American author Edna Ferber (1887-1968) wrote popular fiction and collaborated on several successful Broadway plays.
Born in Kalamazoo, Mich., Edna Ferber at an early age moved with her family to Appleton, Wis., where she spent most of her childhood. When her father lost his vision, she was forced to forsake her acting ambitions and, at the age of 17, began full-time work as a reporter for the Appleton Daily Crescent. Shortly afterward she joined the staff of the Milwaukee Journal and later the Chicago Tribune. During this period she wrote several short stories, some of which were published in Everybody's Magazine. She discarded a novel which her mother salvaged and had published in 1911 as Dawn O'Hara. Two short-story collections followed, Buttered Side Down (1912) and Roast Beef Medium (1913), and the novels Fanny Herself (1917), The Girls (1921), and Gigolo (1922).
Ferber won her first popular success with the novel So Big, the story of a young widow on a truck farm in Illinois who sacrifices everything for her son's happiness. She was awarded the Pulitzer Prize for it in 1924. Show Boat (1926), perhaps her best novel, tells the story of a showboat performer's love for an unscrupulous gambler. The novel was adapted as a successful Broadway musical the following year. Cimarron, another best seller, dealt with the spectacular Oklahoma land rush of 1889. In the early 1920s Ferber began a fruitful collaboration with playwright George S. Kaufman, producing such plays as Minick (1924), The Royal Family (1927), Dinner at Eight (1932), and Stage Door (1936).
In her later novels Ferber continued to explore various geographical and historical settings. American Beauty (1931) describes Polish immigrants in Connecticut; Come and Get It (1935) is about Wisconsin lumbermen; and Great Son (1945) depicts four generations of a Seattle family.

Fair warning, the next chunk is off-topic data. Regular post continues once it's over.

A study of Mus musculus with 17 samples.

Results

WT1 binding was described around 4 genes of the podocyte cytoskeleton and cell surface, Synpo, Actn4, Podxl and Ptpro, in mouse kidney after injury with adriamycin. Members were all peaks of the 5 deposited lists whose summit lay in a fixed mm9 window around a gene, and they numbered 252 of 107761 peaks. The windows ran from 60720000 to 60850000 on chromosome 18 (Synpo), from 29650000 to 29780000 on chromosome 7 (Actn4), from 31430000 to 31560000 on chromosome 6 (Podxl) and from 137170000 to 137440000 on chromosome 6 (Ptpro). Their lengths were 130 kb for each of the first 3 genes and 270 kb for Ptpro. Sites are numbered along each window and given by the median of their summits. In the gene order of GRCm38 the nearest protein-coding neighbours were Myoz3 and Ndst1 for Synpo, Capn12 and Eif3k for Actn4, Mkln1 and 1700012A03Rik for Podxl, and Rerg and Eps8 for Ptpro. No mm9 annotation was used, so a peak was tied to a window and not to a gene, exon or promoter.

Many of Ferber's novels have been made into movies, including Saratoga Trunk (1941), which is set in New Orleans and Saratoga Springs, N.Y., and deals with the founding of railroad dynasties; Giant (1950), a story of oil fortunes in contemporary Texas; and Ice Palace (1958), about Alaska, from exploration to the fight for statehood.
Ferber published her first autobiography, A Peculiar Treasure, in 1939 and her second, A Kind of Magic, in 1963. Her often energetic and pleasantly nostalgic work was immensely popular with both the reading public and movie-and playgoers, making her one of America's best-known authors. She died on April 16, 1968, in New York City.
Further Reading on Edna Ferber
Miss Ferber's fiction is reviewed in Robert Van Gelder, Writers and Writing (1946), and W. Tasker Witham, Panorama of American Literature (1947).
Additional Biography Sources
Gilbert, Julie Goldsmith., Ferber, a biography, Garden City, N.Y.: Doubleday, 1978.